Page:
Mobile journalism (MOJO) is an essential aspect of the ICRC’s communications approach at both the local and international level, and Cook is adamant about building up her team’s competencies. Her aim is for the ICRC to create native content on the same devices people use to consume information in today’s virtual world.
“One of the big time-savers with Spark is that our teams don’t need advanced skills in Photoshop or video editing software to resize content for different social platforms, like Instagram and Facebook. The features ensure they create content that works for every channel, so they can focus on the story,” she says.
“In a world flooded with information, especially online, the ICRC doesn’t just compete with other humanitarian organisations for attention. We’re constantly competing for people’s attention in a very crowded digital space. To reach them, you have to tell stories specifically curated to that platform – the format, the tone, the feel of the visuals. And this is constantly evolving,” she stresses. “The only way to capture our audience’s attention is to reach them on the channels they use and in a visual way that resonates.”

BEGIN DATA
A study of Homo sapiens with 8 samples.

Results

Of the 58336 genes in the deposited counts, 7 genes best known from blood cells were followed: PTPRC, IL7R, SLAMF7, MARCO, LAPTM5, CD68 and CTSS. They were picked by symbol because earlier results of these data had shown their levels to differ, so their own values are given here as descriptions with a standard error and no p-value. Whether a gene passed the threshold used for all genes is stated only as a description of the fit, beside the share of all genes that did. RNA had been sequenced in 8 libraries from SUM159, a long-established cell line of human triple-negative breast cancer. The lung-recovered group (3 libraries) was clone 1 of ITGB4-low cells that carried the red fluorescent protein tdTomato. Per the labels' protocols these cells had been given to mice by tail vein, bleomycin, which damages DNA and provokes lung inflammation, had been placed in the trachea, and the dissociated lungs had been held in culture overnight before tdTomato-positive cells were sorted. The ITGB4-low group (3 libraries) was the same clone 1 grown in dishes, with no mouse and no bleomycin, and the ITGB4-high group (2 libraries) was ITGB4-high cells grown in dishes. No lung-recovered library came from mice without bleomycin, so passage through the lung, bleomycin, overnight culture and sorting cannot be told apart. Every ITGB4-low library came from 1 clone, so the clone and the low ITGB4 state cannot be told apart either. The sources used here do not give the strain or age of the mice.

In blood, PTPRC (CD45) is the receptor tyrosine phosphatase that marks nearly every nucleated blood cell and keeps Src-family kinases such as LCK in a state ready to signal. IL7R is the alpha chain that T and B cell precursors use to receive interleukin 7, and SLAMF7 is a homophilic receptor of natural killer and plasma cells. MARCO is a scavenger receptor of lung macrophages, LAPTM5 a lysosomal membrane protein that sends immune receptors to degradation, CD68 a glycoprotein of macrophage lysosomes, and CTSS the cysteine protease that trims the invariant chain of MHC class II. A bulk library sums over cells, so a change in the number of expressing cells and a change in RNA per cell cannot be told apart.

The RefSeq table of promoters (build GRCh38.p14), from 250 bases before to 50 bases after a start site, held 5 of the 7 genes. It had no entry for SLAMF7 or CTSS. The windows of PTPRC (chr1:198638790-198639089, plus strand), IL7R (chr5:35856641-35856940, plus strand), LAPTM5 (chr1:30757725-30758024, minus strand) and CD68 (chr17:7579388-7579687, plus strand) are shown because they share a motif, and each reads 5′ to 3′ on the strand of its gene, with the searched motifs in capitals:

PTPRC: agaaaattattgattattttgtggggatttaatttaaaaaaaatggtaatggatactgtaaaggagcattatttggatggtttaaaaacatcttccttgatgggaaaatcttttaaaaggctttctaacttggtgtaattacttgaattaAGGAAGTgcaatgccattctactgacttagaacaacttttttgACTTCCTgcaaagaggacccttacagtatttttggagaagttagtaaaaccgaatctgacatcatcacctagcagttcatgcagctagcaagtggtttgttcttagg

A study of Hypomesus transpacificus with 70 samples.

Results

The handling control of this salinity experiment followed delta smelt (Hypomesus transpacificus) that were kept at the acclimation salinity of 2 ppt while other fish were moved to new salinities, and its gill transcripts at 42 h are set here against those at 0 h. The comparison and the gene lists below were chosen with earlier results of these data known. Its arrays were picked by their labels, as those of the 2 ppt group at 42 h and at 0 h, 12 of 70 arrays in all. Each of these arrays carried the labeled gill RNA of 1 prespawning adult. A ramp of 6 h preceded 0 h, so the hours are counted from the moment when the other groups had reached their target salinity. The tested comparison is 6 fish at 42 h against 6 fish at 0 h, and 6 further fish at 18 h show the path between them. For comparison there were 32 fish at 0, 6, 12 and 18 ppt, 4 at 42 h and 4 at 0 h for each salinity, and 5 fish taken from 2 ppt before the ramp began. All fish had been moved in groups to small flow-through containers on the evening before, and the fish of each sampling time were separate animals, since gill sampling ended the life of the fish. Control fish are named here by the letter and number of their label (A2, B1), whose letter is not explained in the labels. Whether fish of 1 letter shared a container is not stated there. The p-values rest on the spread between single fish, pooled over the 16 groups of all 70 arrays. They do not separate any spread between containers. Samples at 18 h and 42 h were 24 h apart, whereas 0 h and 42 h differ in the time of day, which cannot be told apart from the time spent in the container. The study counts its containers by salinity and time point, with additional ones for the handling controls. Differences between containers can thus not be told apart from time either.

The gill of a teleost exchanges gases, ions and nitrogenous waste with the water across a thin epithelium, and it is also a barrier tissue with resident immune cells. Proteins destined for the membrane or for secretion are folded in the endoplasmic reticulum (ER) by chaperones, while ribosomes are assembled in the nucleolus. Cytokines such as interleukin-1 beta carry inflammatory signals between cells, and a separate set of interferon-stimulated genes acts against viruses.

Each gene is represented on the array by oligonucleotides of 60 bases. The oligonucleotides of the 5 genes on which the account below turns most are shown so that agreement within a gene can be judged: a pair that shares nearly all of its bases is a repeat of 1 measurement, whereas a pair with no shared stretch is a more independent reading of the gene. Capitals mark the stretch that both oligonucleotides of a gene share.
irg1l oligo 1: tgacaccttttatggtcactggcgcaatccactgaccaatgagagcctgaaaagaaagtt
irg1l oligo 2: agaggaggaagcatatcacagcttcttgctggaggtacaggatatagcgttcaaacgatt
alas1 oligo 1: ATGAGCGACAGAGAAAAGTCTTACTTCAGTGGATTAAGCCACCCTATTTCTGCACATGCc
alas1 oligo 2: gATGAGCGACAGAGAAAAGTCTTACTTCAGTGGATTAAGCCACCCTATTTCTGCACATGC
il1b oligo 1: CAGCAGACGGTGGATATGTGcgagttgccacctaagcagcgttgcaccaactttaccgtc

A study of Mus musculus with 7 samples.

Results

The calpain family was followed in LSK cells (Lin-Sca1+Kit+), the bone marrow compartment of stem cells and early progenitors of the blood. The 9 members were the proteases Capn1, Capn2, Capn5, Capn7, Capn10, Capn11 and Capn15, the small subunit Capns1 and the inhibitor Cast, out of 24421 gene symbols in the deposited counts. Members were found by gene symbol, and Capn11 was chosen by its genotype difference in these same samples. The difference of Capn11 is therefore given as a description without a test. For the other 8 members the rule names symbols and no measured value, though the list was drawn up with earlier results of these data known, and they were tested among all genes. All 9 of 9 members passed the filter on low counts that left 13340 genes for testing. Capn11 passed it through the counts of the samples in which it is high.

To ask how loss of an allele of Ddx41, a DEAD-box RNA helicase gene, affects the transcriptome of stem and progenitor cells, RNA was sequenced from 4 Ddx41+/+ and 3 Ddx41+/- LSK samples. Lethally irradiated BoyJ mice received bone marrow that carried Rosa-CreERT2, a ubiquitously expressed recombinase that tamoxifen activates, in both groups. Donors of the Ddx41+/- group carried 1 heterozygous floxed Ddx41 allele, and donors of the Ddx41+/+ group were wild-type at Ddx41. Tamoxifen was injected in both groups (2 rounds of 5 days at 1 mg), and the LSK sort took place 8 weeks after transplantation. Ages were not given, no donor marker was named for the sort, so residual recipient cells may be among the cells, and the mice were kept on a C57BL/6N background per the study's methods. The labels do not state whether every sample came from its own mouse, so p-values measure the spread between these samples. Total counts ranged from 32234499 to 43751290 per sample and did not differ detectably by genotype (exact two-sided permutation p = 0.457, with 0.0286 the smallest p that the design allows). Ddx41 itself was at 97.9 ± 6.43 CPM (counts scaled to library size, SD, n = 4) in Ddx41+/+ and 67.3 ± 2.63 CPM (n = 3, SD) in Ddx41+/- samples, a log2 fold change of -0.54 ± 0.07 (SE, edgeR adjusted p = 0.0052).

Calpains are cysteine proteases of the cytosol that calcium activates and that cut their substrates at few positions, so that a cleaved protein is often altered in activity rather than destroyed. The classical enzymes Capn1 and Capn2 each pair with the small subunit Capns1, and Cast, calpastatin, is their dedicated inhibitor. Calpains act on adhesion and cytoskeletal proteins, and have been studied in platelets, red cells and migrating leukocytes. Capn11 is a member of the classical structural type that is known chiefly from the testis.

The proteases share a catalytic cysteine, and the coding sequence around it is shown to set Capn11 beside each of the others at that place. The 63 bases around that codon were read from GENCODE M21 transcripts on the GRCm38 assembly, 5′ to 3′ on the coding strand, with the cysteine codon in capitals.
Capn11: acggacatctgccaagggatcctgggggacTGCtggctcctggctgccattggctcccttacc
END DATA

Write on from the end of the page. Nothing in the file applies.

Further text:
The ICRC’s pilot programme with Adobe Spark has validated this thinking. Cook and her team now hope to roll out the programme more broadly and ignite this creative spark into full-scale transformation.
Reflecting on her five years at the ICRC, Cook recalls her first day as Photo editor, when the organisation didn’t even have an Instagram account. “Today, our teams can create and share beautiful digital content across a range of channels, with no need for specialised training or equipment. It’s been quite a dramatic transformation, and there’s so much more we can do,” she added.